By Martín Fraguío and Paloma Ochoa from Southern Cone agricultural think tank, GPS…
Climate change is the greatest challenge of our time. The Paris Agreement, enforced in 2016, establishes the need to keep the planet’s temperature increases below 2ºC with respect to pre-industrial levels and to promote additional efforts to bring this threshold close to 1.5º. One of the most important consensuses reached in Paris is that, to achieve these objectives, it is no longer enough to lower emissions but rather that carbon dioxide must be captured and removed from the atmosphere.
Though carbon dioxide is the main GHG (greenhouse gas) it is also a miracle gas responsible for life on Earth. Understanding that life can’t exist without carbon dioxide, and clarifying the way we measure GHGs, is key to understanding the role that agriculture can play in a climate change mitigation strategy. Especially in Latin America.
Another issue recognised for the first time by the Paris Agreement is the central part played by soils as carbon sinks. A large amount of carbon accumulates in vegetation and in soils that, since the beginning of human activity, have decarbonized. This is extremely relevant as recharging soils with carbon plays a central role in restoring balance in relation to the atmosphere. To understand this relationship, it is essential to visualise that there are carbon stocks and fluxes. GHGs are not permanently accumulated in the atmosphere, but circulate as they are emitted or captured.
In line with this, the 2018 and 2019 IPCC (International Panel on Climate Change) reports emphasised bioenergy with carbon capture and carbon capture in soils, placing increasing emphasis on the so-called nature-based solutions (NBS) that encompasses three main pillars: forests, agriculture and grasslands, and wetlands.
Carbon sinks and bioenergy in South America
The South American region has a huge role to play in a serious mitigation strategy for climate change, both as carbon sinks in the soils and as a source of biomass and bioenergy.
Regarding the first aspect, several papers prepared by GPS, show that the role of grazing lands as carbon sinks is underestimated in most South American countries. The fact that grazing land covers almost 90% of the total territory in Argentina, Paraguay, and Uruguay means that agriculture in those countries has a huge role in carbon capture. Brazil is somewhat different since grazing land makes up ‘just’ 35% of the total, with forests accounting for most of the carbon capture.
There are several misconceptions regarding the role of farming in climate change. One reason is flawed measurements. The 1996 IPCC guidelines generated the first GHG inventories. These measurements, which are unfortunately still widely used, strongly overestimate emissions from agriculture. In 2006, and later in 2019, the IPCC established new methodologies for the measurement of emissions. This is relevant because, for example, nitrous oxide emissions from livestock were reduced by 90% with the new methodologies.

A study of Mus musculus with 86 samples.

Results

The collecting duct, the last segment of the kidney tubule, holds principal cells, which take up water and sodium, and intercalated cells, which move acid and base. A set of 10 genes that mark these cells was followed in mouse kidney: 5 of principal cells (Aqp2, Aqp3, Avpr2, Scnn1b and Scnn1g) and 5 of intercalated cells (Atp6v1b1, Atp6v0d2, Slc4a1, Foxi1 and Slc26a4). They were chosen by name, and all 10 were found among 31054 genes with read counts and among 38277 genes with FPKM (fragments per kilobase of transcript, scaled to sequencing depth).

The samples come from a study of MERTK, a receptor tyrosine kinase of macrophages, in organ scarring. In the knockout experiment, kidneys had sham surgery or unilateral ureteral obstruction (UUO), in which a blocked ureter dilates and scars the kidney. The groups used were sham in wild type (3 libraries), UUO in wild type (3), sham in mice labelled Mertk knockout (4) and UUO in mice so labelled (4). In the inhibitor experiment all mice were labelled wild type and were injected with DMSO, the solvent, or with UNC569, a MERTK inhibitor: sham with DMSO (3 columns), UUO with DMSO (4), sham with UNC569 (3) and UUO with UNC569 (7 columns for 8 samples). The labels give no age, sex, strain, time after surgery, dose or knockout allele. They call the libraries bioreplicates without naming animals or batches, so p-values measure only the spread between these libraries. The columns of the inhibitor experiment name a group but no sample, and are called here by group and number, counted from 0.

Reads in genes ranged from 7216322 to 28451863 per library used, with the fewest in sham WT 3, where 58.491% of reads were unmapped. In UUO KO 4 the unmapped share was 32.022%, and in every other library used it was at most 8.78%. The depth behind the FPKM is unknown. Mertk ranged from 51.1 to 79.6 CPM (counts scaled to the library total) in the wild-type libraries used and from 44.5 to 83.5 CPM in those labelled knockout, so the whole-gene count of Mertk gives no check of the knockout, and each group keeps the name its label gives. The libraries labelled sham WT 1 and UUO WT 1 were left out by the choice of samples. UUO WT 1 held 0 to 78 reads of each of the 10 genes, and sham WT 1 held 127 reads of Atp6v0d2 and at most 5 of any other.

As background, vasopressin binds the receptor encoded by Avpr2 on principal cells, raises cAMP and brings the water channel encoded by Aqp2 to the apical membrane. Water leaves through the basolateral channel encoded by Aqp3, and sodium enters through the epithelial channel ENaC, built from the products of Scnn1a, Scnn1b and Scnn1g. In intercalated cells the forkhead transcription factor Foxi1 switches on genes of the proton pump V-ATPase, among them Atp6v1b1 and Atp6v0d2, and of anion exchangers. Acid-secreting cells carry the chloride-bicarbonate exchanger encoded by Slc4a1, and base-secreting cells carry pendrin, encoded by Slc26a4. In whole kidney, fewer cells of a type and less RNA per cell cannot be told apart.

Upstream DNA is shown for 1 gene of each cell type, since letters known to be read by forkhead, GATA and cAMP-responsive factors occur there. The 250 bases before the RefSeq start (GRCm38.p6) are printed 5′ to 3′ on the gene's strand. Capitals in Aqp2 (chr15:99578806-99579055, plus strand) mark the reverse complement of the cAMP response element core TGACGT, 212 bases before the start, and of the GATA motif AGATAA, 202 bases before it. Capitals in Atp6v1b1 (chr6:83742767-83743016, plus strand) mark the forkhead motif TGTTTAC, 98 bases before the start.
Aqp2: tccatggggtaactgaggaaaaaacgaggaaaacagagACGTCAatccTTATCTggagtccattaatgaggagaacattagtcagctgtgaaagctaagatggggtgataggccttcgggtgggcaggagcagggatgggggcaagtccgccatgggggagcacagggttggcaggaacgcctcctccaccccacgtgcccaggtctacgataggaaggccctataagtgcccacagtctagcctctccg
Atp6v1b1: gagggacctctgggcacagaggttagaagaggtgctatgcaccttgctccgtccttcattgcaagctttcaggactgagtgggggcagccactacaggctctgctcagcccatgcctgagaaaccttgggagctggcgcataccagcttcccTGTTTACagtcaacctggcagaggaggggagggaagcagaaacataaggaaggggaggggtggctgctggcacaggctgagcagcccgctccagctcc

Also, as Ernesto Viglizzo, a scientific investigator in Argentina’s National Institute of Agricultural Technology, points out, “IPCC guidelines assume that carbon gains and losses in most grazing lands are in equilibrium. However, recent research suggest that most grazing lands may be gaining more carbon than they lose, and this may change the equation. The carbon balance in national GHG inventories may differ a lot depending on whether carbon capture in grazing lands is incorporated or not into calculations.” Grazing lands, which are predominant in livestock systems in Mercosur countries, as well as agricultural land under conservation practices that include rotation and no-till farming, offer significant potential to remove and store carbon in soils and contribute to mitigate global warming.
Thanks to its rich endowment of natural resources, South America is also a bioenergy powerhouse. The bioeconomy and modern bioenergy sources which are already the most important source of renewable energy in the region, pose a very interesting opportunity for Southern Cone countries, given their potential for biomass generation.
The topic becomes even more relevant when linked to the issue of food security, which has become a major concern for world leaders since the beginning of the century. The challenge of producing more food while using available resources in the most efficient way to reduce impact on climate is one of the most pressing now and in years to come. In this sense, a reduction in emissions in relation to the gross agricultural value can be observed in the MERCOSUR countries in the last 50 years.
Due to their natural resources, technological innovation and business models, Southern Cone farmers can be part of the solution for climate change, food security and biodiversity. For this to happen they need access to inward investment and outbound export markets. Agriculture needs to be part of whatever ‘Glasgow Agreement’ emerges from COP26 in November.